You may or may not have heard dentists talking about remineralisation, and what they mean by this when it comes to our teeth, is an important process that happens to our teeth when they begin losing their mineral content which makes them strong in the first place. The tooth enamel is the hard, outer surface of the tooth that protects the insides of the tooth from harm on a day-to-day basis. Located inside the tooth are a variety of more sensitive areas of importance.
The dentine, for example, is the tooth’s secondary layer of defence against any major damage, and it is located underneath the enamel layer. The pulp and the root canal(s) of a tooth are the areas which contain the highest density of blood vessels and nerves which keeps the tooth alive. Not only can damage these areas cause serious pain for someone, but it can also lead to infections and eventually cause the tooth to die away. This is why keeping the enamel strong and resilient is so important.
When dentists tell you how strong the enamel is – as it is stated by Mouth Healthy to be the strongest substance of the body – you might wonder why we need to take so care our teeth so often. Aren’t our teeth safe from harm? Well, it isn’t that simple, and our teeth are actually at risk of serious damage every day of our lives. The risk we are talking about is the risk of demineralisation. Due to the placement of our teeth and how they are arranged, our teeth are in a constant state of demineralisation every time we drink or consume food.
Demineralisation happens when the bacteria and plaque from around the teeth and gums react with the sugars in food and drinks. This reacts and leaves acid in the mouth which, if left, will begin to destroy the minerals in the enamel. This is why dentists recommend avoiding a high-sugar diet, as this process is more likely to cause persistent, permanent damage if they are constantly in this acidic environment. Simply put, if the enamel layer erodes too much, it can put your teeth at a much higher risk of serious infection, as the inside of your tooth is no longer being protected the way it should be.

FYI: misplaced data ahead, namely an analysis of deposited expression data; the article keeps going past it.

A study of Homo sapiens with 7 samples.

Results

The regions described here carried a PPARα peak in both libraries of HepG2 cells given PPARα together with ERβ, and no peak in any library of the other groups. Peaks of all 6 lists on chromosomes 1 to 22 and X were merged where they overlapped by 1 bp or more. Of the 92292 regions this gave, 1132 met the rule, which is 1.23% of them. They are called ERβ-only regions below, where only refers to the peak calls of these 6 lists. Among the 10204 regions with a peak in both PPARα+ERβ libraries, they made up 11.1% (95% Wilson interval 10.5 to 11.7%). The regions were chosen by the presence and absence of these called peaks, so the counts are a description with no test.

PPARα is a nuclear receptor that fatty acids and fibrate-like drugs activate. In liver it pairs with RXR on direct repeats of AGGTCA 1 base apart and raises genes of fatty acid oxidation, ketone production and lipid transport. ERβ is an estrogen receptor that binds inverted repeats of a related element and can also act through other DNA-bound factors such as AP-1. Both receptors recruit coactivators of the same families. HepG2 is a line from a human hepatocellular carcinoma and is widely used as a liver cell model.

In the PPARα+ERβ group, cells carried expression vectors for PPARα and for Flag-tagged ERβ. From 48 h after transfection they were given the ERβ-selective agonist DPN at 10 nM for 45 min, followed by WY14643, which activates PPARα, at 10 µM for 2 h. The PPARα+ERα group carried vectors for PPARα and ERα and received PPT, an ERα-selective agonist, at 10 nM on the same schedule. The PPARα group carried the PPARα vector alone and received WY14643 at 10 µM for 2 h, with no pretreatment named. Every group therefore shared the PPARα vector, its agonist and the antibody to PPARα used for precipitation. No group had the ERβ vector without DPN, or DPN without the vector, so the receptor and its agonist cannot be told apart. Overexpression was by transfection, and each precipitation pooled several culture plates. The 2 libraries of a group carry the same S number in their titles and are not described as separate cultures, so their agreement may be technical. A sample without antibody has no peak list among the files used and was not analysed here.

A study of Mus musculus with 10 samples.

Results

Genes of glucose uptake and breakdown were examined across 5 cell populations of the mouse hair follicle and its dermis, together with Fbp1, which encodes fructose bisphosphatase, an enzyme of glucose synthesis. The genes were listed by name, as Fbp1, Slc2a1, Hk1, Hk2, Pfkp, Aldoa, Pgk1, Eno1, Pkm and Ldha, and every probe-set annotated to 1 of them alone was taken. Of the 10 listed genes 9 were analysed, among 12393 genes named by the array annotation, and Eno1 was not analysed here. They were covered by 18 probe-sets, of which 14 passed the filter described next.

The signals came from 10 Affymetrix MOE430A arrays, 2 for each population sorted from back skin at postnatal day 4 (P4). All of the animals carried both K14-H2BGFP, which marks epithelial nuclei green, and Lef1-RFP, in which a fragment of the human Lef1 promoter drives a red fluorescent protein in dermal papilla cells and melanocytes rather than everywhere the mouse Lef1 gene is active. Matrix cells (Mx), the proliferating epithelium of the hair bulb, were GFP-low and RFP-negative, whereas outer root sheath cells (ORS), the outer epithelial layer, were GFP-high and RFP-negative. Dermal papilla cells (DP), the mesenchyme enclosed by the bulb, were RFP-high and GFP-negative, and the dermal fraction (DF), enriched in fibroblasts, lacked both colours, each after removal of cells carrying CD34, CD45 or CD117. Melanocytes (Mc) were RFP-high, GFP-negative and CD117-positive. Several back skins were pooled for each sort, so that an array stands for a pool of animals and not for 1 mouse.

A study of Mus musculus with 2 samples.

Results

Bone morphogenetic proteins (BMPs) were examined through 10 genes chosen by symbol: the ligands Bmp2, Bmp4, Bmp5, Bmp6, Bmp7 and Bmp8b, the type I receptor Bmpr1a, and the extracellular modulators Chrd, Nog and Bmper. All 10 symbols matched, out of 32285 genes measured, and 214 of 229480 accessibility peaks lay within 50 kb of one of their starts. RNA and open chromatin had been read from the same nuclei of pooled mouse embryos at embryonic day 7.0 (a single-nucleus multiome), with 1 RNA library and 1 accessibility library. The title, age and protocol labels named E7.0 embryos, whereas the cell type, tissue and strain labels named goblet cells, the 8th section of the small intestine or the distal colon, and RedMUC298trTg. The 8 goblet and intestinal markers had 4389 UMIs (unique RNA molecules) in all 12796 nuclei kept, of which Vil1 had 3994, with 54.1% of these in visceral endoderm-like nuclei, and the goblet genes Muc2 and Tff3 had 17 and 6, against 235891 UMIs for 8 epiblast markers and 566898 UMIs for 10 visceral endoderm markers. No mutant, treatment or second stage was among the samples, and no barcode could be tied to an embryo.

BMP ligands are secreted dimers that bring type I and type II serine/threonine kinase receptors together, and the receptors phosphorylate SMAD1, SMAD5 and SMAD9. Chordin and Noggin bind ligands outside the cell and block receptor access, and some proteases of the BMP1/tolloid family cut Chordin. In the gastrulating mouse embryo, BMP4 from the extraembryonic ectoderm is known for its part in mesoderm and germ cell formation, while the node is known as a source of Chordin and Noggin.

Luckily, because our teeth are always in this state of constantly restricted demineralisation, the enamel has built a resistance to this process which is special and unique to enamel itself (Strange et al., 2016).
As Colgate notes, the tooth enamel is kept safe during day-to-day demineralisation with the help of our salvia. That’s right – saliva is the make-or-break when it comes to risking suffering from tooth erosion. It protects our teeth from demineralisation because it is constantly cleaning away debris and bacteria from around the mouth. It also helps by neutralising the acidity in the mouth after consuming sugary foods.
Furthermore, Colgate describes how saliva protects and reinforces the enamel of the teeth. This occurs because the necessary minerals can be found in your saliva, and they are in a state of constant exchange with the tooth enamel, which gives the enamel its self-repairing properties. Unfortunately, this process is not infinite and there are limits that prevent the enamel from repairing itself all the time. Therefore, our teeth can still be at risk of harm.
If the process of demineralisation occurs too frequently, your body and the remineralisation process cannot catch up fast enough and put your teeth at risk of tooth decay. Dentists, therefore, recommend limiting the amount of sugar in your diet. This not only leads to a healthier lifestyle but will put less stress on the enamel. In addition, fluoride is another mineral that aids the process of remineralisation particularly well, so making sure you brush your teeth twice a day is considered to provide the most effective amount of fluoride for your teeth to stay healthy.
- Strange, A et al. (2016). ‘Demineralization-remineralization dynamics in teeth and bone’. International Journal of Nanomedicine, 11. 4743-4763.
Unsure about your dental health? Call your nearest Synergy Dental Clinic and we’ll be happy to help.